With six children under the age of thirteen, I am always looking for simple ways of doing things. The flaw to this philosophy, of course, is obvious: "With six children." You see, my path to simplicity is, well, complicated.
I first began thinking about this as I was scratching my kids' names into their new toothbrushes. You heard me correctly; I was scratching their names with a thumbtack into the more expensive, vibrating toothbrushes I refuse to buy more than once a month. It is the only way to know, after the first or, if I'm lucky, second time of using them whose is the only one properly rinsed and put away.
See the simple solution for brushing teeth? See the complexity? Scratching because permanent marker wears off too quickly. Vibrating toothbrushes because regular ones require more parental involvement to properly brush than I can give every single night. Just memorizing the colors I assign would only work if I had any brain cells left after 6 pregnancies. Without the scratched evidence, I would have six kids claiming they specifically remember putting their toothbrush away. Unlike King Solomon's solution, none of them care if I cut the thing in half either. Although, King Solomon couldn't have insisted the mothers share the lone baby until the end of the month when it would be replaced, so maybe I do have it easier?
Of course, the complexity of that simple solution is nothing compared to "the System for Rotation of Seat Assignments in the Suburban with Contingencies for Only One Parent and the Resulting Empty Front Seat and/or the Taking of Two Cars with Resulting Opportunity to Drive in Dad's Car." Actually, over the summer I had another kid turn twelve and the last kid leave the 5 point harness car seat for a booster and have yet to revise the system. Chaos has ensued, but I need a refresher course in linear algebra before I can figure out the new system. Still more simple than the brawl of letting them sit where ever they feel like. Because they all feel like sitting in the exact same spot. Which spot doesn't matter; if one wants it, they all want it.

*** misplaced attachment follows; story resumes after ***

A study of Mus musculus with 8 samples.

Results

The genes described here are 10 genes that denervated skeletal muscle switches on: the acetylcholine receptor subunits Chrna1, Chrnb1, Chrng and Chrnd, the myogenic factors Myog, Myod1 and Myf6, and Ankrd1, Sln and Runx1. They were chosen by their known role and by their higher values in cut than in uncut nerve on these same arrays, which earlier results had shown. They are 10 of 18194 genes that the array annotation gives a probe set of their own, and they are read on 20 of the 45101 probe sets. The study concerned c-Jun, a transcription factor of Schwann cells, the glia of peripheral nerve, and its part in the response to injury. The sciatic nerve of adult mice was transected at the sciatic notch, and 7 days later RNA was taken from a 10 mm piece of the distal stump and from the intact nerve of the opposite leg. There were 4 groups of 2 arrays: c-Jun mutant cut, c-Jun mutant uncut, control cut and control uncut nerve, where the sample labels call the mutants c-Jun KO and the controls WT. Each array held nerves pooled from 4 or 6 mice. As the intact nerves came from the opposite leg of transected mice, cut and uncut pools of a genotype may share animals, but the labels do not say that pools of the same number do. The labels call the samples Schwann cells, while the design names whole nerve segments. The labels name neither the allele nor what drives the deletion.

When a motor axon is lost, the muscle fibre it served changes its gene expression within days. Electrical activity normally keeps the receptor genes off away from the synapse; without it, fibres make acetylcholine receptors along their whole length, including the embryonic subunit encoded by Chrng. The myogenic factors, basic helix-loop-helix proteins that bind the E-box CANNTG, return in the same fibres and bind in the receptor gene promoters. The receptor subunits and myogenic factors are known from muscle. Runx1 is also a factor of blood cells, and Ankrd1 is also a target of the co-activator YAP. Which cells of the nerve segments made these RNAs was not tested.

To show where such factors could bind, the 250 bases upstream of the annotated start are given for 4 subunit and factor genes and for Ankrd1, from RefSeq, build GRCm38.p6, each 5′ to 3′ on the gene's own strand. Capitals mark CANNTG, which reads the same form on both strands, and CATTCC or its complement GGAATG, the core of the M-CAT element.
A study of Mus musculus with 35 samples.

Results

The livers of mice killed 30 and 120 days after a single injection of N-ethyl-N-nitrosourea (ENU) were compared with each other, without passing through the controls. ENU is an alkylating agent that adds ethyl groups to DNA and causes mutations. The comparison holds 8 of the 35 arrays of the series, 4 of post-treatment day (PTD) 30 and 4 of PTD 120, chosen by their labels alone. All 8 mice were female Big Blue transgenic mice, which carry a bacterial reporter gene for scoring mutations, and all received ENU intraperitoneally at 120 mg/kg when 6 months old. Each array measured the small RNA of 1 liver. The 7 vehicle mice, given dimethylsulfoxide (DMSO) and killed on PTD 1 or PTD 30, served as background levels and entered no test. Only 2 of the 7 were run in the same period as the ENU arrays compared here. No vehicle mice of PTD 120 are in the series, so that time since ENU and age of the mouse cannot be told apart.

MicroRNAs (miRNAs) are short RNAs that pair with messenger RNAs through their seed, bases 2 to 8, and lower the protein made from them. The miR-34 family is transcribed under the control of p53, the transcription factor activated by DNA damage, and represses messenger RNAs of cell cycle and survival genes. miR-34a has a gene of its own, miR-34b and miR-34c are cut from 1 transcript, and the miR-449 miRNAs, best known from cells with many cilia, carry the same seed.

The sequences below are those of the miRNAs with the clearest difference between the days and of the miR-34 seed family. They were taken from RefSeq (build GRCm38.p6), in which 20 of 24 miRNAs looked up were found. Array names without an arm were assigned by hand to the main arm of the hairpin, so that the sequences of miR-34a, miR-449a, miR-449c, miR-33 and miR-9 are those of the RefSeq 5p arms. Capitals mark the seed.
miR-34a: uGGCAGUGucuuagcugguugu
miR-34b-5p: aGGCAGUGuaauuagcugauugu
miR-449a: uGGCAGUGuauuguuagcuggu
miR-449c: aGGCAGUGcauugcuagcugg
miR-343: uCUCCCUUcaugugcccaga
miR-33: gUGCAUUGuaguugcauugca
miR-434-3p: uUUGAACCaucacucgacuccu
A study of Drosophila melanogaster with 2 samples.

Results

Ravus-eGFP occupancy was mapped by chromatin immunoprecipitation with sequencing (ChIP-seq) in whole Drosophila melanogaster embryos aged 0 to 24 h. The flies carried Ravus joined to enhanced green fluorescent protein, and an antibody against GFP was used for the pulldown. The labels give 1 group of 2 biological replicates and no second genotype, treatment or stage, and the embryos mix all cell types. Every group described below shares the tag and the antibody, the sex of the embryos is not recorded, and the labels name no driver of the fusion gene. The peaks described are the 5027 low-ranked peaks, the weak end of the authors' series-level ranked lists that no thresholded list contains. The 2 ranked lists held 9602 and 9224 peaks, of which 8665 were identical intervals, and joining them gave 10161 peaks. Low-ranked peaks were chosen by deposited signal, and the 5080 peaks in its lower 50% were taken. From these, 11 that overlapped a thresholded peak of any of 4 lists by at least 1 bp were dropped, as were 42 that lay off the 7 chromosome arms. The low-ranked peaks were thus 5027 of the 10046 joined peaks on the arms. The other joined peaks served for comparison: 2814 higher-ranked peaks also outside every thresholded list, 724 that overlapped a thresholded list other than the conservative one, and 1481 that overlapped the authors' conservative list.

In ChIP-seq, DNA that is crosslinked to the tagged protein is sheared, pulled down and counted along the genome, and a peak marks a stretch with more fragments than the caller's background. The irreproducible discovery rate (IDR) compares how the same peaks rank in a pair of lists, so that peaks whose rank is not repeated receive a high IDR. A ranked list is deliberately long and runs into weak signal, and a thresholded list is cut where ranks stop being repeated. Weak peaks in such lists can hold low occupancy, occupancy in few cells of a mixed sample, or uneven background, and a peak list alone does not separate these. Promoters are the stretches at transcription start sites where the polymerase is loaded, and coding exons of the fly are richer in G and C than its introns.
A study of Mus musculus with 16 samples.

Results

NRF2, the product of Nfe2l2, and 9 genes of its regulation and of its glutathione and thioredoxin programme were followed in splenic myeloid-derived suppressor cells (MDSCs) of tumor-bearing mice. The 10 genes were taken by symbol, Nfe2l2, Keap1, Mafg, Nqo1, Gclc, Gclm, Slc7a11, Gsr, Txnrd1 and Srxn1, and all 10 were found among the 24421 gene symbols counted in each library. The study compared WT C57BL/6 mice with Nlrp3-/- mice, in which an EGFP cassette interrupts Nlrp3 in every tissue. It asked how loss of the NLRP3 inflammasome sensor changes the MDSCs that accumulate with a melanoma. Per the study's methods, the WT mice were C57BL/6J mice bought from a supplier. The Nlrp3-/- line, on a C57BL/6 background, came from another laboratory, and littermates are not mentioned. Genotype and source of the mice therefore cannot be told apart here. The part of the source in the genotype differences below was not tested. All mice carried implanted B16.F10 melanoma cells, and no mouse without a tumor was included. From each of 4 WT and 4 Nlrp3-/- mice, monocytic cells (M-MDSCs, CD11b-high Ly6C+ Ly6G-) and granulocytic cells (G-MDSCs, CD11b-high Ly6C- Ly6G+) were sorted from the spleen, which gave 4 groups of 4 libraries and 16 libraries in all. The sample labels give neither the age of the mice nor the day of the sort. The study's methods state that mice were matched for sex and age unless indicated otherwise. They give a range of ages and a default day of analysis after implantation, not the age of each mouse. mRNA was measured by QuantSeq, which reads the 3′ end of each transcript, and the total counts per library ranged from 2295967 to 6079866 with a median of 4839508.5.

Even making lunch involves a mountain of complexity. And a mountain of food, six kids eat A LOT! Take making the sandwiches. Who currently prefers mayo over Miracle Whip? Who will freak out if the mustard is forgotten? If it isn't left off? Whole wheat or white bread? Maybe they prefer instead peanut butter and jelly (or is it honey, or fluff)? Get an answer wrong and simple lunch turns into wasted bread and punishment for whining. Far more simple to remember the preferences before I make them then deal with the consequences of making them all the same.
Now at least you know the information my few remaining brain cells contain. No wonder there is no room for toothbrush colors.
If these things aren't enough to convince you of my ingeniously complex ideas to simplify my life, there's always my systems for wrapping Christmas presents* or hiding Easter Eggs. It takes roughly 1000 more hours of prep time, but prevents headaches and/or meltdowns on the actual day. Of and it is easier for the kids, too.
So if it looks like I have my household running smoothly (after you get your eyesight checked) I can assure you the behind the scenes of any simplicity is a system so convoluted it makes quantum theory look like child's play. It is simple, really, having a large family is complicated. Make sense? I didn't think so.
*I CAN'T BELIEVE I'VE NEVER POSTED MY SYSTEM FOR WRAPPING CHRISTMAS PRESENTS. IT IS THE MOST COMPLEXLY SIMPLE SOLUTION I'VE EVER COME UP WITH. LET'S SAY I'VE INVENTED THE WAY TO HAVE EQUAL NUMBERS OF PRESENTS WITH EQUAL MONEY SPENT ON PRESENTS AND WRAP THEM SO EVERY CATEGORY OF PRESENT HAS IT'S OWN WRAPPING PAPER AND EVERY CHILD HAS ONE OF EVERY SORT OF WRAPPING PAPER. IT SOUNDS MORE COMPLICATED THAN IT IS. ACTUALLY, NO, IT DOESN'T.